The Justice Centre for Constitutional Freedoms (JCCF) has issued ‘F’ grades to students’ unions at U of T for policies and practices in its annual Campus Freedom Index.

The JCCF is a non-profit legal organization that describes itself as “independent and non-partisan.”

Using a five-tier grading scale, the Campus Freedom Index allocates a letter grade between ‘A’ and ‘F’ to each university for four separate categories: policies and practices for the university and policies and practices for the university’s students’ union. This year saw 240 grades handed out to 60 campuses, with only two ‘A’ grades among them. In contrast, ‘F’ grades were presented 32 times.

The ‘B’ grade assigned to U of T’s policies falls short of the ‘A’ grade handed out in 2015. In their methodology outline, JCCF states that university policies should satisfy four factors to be assigned an ‘A.’ If all four factors are reached, the ‘A’ is provided. If only three are reached, the Index rates the policy with a ‘B.’

Despite U of T’s lower grading, U of T Director of Media Relations Althea Blackburn-Evans confirmed in a conversation with The Varsity that the policy has not changed in its wording between 2015 and present.

Blackburn-Evans noted that the ‘D’ grade provided for practices is due in part to the university’s lack of public opposition to the University of Toronto Mississauga Students’ Union’s (UTMSU) decision to deny club status to UTM Students for Life (UTMSFL) during the 2015–2016 year. “The UTMSU, like all recognized student groups … is entirely autonomous. Any decisions that they make are not university decisions … the university respects their autonomy and doesn’t wade into their affairs in that way,” she said.

The ‘F’ grades for student unions also centre on the UTMSU’s decision to deny club status to UTMSFL. The JCCF is also providing legal counsel to UTMSFL, which is currently in the midst of a lawsuit against the UTMSU over club recognition. In an overview explaining why the grade was provided, the JCCF stated that “Students for Life could not join other campus clubs in setting up a table during clubs’ week — a key event for recruiting new members.”

Denied access to club events and continual decisions not to apply club status to UTMSFL eventually led to a court application against UTMSU. The application alleges that the UTMSU “breached the rules of natural justice and procedural fairness, and failed to respect students’ fundamental freedoms of expression and association.”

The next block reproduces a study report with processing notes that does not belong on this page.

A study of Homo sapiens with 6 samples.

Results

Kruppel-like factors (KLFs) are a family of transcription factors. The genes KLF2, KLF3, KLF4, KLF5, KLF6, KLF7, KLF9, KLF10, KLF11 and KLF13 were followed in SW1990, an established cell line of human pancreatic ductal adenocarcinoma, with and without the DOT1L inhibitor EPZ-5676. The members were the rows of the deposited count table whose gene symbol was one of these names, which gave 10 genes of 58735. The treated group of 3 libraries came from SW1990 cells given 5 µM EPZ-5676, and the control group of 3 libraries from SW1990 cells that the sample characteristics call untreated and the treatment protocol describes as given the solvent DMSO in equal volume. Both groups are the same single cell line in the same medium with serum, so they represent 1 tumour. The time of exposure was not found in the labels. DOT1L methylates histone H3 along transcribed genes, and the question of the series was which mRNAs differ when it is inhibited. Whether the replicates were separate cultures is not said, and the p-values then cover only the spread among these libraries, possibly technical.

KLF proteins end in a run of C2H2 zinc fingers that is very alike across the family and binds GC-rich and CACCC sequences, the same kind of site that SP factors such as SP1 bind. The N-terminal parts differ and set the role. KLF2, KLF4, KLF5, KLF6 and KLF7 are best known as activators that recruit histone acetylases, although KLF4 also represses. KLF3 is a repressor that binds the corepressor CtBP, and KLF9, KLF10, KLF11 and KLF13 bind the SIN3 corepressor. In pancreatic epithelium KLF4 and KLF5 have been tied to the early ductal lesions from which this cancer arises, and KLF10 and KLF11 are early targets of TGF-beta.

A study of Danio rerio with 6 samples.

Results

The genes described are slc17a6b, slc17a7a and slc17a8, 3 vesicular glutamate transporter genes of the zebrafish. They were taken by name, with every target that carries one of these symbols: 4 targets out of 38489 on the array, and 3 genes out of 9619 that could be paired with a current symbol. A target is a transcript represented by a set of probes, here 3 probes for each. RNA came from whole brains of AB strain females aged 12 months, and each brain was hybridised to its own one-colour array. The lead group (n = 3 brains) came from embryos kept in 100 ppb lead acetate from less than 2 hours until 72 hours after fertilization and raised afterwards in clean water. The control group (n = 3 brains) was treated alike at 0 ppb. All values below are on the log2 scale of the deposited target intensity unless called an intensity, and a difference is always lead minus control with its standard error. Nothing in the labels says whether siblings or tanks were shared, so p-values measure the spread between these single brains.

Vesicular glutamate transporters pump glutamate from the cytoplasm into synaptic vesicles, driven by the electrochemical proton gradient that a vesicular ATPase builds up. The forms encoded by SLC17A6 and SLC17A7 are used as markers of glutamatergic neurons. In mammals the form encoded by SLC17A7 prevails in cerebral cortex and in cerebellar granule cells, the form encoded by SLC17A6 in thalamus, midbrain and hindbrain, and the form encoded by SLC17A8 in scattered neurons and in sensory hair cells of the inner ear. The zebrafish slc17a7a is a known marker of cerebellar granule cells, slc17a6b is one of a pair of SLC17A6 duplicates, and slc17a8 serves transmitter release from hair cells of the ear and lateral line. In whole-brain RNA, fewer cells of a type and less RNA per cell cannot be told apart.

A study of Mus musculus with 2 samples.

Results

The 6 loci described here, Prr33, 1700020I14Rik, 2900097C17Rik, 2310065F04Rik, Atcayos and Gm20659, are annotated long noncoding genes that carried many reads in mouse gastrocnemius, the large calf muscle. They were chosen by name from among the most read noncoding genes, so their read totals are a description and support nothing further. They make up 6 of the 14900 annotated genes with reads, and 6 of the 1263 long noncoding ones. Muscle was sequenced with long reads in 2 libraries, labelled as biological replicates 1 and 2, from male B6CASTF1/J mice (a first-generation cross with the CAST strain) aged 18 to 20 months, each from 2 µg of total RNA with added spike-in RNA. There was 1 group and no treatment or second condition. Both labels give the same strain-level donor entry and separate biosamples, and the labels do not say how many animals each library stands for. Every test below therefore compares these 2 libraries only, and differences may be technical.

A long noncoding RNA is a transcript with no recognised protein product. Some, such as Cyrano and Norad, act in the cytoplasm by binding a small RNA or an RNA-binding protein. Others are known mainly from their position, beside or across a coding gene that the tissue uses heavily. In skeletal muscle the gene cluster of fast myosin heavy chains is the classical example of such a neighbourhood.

In its press release promoting the new Campus Freedom Index, the JCCF calls out UTMSU, stating that it is one of three student unions to have actively censored free speech on campus. The release condemns UTMSU, University of Victoria Student Society, and the Ryerson Students’ Union as “the worst in Canada.”

In an email, Nour Alideeb, UTMSU President, outlined the UTMSU’s mission statement, which “safeguards the individual rights of the student, regardless of race, colour, creed, sex, nationality, place of origin, or personal or political beliefs.”

In addition, Alideeb wrote: “Our policies, bylaws and constitution reflect those priorities. The UTMSU policies, bylaws and constitution will serve those priorities and stay the same unless a full time or part time undergraduate student at the University of Toronto Mississauga comes forward with a concern.”

The report also criticizes the University of Toronto Student’s Union (UTSU) election rules. UTSU President Jasmine Wong Denike confirmed in an email that those rules were “completely rewritten last year.”

Another factor in the ‘F’ rating came from the UTSU’s anti-discrimination policies. Denike argued “the existence of anti-discrimination policies shouldn’t be controversial, as long as the policies are enforced fairly.”

Michael Kennedy, Communications and Development Coordinator for JCCF, said that with 25 out of 60 universities earning “at least one ‘F’ grade, there is clearly a widespread and pervasive threat facing free speech on campus.”

Kennedy pointed to a tendency “on the part of universities and their student unions to silence speech they disagree with.” Referencing the ongoing case with UTMSFL and the UTMSU, Kennedy noted that “student groups are being banned because their views don’t fit with the mainstream… Universities are condoning mob censorship of events discussing controversial subject matter… This is becoming the norm, not the exception.”

Blackburn-Evans — acknowledging the recent controversy surrounding Psychology Professor Jordan Peterson’s comments on gender and free speech — mentioned, “Academic freedom and freedom of speech are really at the heart of the university’s mission, and so nothing has changed in that regard. We continue to defend those principles just as vigorously as we always have. While our faculty members absolutely have the right to academic freedom and freedom of speech… they also have a responsibility to follow the law.”

Denike also echoed a commitment to free speech: “Free speech is vitally important, especially on campus, but we also need to be conscious of how hateful speech can undermine free speech.”